Triomics raises $15M Series A to automate most cancers medical trials matching

For cancer patients, medicines administered in clinical trials can help save or extend lives.

But despite thousands of trials in the United States each year, only 3% to 5% of eligible patients enroll in investigations of new treatments.

Triomics, a generative AI startup, claims it can significantly reduce the time it takes doctors to match patients with trials.  

Doctors’ recommendations are often key to getting patients enrolled. However, busy oncologists and nurses often lack the time to learn about all the clinical trials that may be right for their patients. 

I am not a doctor, so I don’t know about the day-to-day challenges of oncology medical staff. But I unfortunately know from personal experience how hard it is to find clinical trials for cancer patients. When my father was sick, I spent countless hours poring over, a website and database that lists thousands of ongoing trials. And just in March, I spent half a Saturday trying to find a clinical trial for a friend who has stage IV cancer. Her doctor only offered one trial, so she asked me if there were other options. 

Since most clinical trials have complex criteria, there are often dozens of factors such as stage of cancer, mutations and previous treatments for eligibility. Medical staff often need hours to manually review a patient’s medical record to find a fitting clinical trial. But due to a shortage of oncology professionals, many cancer patients aren’t offered to participate or they miss their eligibility window. 

Triomics was founded by former MIT biotech researcher Sarim Khan and AI scientist at Adobe Hrituraj Singh. The pair, who have been friends since college, decided to build Triomics in 2021 after realizing that advances in generative AI and LLMs could help extract data from electronic health records (EHR)  to help find appropriate clinical trials for cancer patients in minutes instead of hours.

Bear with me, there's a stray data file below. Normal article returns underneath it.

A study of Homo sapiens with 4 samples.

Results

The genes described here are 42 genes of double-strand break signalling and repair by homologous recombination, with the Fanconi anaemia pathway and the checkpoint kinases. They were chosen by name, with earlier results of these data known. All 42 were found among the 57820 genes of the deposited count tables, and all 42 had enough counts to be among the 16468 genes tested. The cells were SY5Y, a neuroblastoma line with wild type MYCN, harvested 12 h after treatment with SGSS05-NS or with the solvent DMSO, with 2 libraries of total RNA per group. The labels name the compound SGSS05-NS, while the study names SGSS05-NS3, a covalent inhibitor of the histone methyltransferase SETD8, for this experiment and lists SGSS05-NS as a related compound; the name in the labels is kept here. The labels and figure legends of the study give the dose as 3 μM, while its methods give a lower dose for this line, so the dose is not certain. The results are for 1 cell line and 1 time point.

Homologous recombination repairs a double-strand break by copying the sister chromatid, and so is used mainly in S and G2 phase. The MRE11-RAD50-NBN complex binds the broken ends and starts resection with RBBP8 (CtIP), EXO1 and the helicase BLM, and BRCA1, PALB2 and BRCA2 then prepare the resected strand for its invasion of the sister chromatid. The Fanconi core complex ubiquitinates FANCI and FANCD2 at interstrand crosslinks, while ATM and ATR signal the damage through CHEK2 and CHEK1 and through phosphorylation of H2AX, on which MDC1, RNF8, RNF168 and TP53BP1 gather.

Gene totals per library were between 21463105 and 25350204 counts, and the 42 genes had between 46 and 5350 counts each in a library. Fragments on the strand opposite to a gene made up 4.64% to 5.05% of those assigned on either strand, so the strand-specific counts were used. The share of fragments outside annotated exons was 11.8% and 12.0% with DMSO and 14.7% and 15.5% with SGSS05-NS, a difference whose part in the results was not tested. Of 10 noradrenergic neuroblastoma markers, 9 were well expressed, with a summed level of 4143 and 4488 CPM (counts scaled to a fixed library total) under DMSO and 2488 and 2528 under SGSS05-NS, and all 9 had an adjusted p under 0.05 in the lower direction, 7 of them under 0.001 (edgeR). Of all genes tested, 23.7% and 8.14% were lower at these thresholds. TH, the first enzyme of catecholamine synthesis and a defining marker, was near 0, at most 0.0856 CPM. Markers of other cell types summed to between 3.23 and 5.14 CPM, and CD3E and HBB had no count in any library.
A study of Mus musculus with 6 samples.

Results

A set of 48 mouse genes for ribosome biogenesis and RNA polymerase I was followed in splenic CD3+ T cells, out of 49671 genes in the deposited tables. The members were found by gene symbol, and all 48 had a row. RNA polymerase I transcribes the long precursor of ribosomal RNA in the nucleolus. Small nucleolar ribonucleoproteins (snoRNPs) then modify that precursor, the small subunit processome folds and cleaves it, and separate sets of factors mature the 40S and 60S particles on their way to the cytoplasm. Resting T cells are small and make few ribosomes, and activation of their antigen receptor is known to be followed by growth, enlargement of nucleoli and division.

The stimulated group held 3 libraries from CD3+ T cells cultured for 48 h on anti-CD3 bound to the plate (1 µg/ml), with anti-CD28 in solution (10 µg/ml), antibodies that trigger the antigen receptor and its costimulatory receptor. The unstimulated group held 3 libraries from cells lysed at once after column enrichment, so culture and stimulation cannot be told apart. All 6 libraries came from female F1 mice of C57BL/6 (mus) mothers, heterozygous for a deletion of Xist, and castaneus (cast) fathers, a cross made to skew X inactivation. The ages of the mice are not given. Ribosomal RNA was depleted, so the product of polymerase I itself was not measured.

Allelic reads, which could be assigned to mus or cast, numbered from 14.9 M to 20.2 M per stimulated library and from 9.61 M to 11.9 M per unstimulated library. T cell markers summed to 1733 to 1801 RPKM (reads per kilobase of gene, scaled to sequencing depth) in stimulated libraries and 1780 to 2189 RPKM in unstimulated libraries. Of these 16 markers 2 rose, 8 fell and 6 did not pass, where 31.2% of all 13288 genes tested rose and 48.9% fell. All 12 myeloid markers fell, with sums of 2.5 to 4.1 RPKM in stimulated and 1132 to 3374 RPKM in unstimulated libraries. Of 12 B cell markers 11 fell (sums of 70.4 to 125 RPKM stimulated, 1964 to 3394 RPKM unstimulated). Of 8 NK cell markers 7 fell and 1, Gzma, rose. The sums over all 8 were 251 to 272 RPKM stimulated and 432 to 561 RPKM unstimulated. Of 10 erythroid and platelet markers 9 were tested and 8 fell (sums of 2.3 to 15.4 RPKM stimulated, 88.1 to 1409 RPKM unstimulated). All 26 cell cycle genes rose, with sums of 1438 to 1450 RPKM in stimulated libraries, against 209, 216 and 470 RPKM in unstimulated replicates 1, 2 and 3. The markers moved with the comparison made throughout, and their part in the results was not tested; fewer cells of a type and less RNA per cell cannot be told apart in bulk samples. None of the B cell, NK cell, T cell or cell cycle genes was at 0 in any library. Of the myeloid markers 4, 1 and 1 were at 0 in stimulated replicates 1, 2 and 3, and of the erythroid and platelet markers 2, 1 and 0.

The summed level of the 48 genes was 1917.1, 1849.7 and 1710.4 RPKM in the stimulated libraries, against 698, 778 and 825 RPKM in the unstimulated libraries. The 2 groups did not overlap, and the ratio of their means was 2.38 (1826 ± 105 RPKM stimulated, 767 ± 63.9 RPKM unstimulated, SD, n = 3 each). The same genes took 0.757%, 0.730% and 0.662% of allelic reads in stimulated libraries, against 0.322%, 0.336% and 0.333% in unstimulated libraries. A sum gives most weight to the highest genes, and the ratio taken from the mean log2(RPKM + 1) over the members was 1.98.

Khan and Singh entered Y Combinator in the winter of 2021 and proceeded to work on an LLM built specifically for cancer centers and oncology departments in hospital systems. 

Three years later, Triomics says six cancer centers and hospitals are actively using or piloting its LLM, and it plans to double that number by the end of the year. And now the company has raised a $15 million Series A from Lightspeed, Nexus Venture Partners, General Catalyst and Y Combinator to help it continue to develop its platform and roll it out to new customers.

While reducing how long it takes for patients to be matched with clinical trials may seem like the most immediately valuable application of Triomics software, Khan says that Triomics is a lot more than a clinical trials company. “Doctors use it for several different use cases that I could just go on and on about,” he said.

After Triomics’ LLM, which the company is calling OncoLLM, “reads” the patient’s medical record, the data could be used to help prepare doctors and other medical staff for patient visits or to help submit cancer data with details of organs affected and stage of progressions to state regulatory agencies. 

Of course, Triomics isn’t alone in tackling this area. Other startups doing AI clinical trial matching include Deep 6 AI, QuantHealth, Trajectory, among others.

But Khan believes that Triomics is one of the few startups processing large swaths of datasets specifically for cancer centers.